I know only what I read,
Some studies in Europe have demonstrated that by spliting the colony between two deeps (dispersing the heat in two cells) that single deeps winter better than double deeps.
This was examplified when weak colonies were placed over a double deep strong colony to convect heat. From what I can glean from the study was the lower hive took on more moisture and froze.
In a follow up, a single deep was wintered on its own to avoid killing a stronger underhive. Strangely, the single deeps (hive for hive) survived better than double deeps.
I think that this is a very interesting point because of two issues. I have read on this board where keepers are increasingly suggesting moving to 8-frame hives and mediums. I believe that this will decrease the weight we need to shift around to manipulate our hives, but maybe a situation for disaster for wintering.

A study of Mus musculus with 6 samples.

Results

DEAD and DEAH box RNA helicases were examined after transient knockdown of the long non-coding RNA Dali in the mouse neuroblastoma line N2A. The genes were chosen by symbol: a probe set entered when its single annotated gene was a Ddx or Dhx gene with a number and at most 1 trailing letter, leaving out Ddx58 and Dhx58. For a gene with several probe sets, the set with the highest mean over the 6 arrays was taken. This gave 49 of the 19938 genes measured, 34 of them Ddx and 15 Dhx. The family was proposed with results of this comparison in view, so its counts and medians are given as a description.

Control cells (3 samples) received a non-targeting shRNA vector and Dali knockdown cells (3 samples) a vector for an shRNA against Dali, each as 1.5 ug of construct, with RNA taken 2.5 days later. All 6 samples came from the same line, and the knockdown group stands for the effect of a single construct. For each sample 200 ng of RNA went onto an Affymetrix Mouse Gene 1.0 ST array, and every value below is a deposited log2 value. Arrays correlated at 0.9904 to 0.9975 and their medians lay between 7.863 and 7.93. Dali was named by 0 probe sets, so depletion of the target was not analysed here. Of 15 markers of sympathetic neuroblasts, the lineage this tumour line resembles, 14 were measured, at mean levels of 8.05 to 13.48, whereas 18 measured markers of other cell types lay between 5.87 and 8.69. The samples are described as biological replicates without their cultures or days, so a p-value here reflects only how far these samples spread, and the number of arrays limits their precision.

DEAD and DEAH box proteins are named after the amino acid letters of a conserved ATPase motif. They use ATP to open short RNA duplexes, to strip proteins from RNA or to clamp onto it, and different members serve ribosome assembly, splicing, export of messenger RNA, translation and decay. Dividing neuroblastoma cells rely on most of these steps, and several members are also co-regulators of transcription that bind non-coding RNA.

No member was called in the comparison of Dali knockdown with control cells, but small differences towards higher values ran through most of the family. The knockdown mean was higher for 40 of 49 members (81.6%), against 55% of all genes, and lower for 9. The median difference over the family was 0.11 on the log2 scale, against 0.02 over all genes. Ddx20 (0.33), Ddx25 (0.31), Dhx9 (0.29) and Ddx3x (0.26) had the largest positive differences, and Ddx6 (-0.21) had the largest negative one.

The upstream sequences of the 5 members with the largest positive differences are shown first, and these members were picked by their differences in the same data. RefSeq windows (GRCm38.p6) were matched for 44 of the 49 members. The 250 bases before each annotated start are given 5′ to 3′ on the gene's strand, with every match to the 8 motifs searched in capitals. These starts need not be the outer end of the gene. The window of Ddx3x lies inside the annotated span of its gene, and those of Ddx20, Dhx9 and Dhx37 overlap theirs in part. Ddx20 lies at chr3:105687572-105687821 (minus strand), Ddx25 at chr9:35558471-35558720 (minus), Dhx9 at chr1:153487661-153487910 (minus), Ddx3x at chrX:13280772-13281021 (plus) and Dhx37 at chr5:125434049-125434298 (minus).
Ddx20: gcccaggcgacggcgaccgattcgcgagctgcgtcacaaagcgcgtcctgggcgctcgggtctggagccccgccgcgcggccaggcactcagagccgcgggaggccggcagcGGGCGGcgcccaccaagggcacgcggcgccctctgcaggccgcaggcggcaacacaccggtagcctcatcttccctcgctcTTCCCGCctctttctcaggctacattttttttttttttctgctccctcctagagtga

First 8-Frames will provide less stores unless multiple bodies are stacked, and even then, will require the bees to migrate from the warm winter cluster to a cold super, which they might refuse and freeze or starve in deep cold. The more frames in each box the more buffering the winter cluster has from the outside walls of the hive. Also more frames likely results in more stores closer to the warm winter cluster, not in a cold adjacent super.
Second, mediums also create the same migration problem, but also cause the winter cluster to divide themselves among the supers to warm the brood. Unwraped medium exclusive hives also have more seams for possible direct winter drafts than deeps (3 mediums usually equal 2 deeps).
Some people are going to say that cold doesn't kill, moisure does, I probably agree, but cold does stress and stress does shorten the life of any organism. Why not implement equipment that stresses our bees less so that they focus on honey, pollen, wax, and brood production instead?
My two cents, take it with a grain of salt...
There is always more than one way to skin a cat, that's of course if you're into eating cats.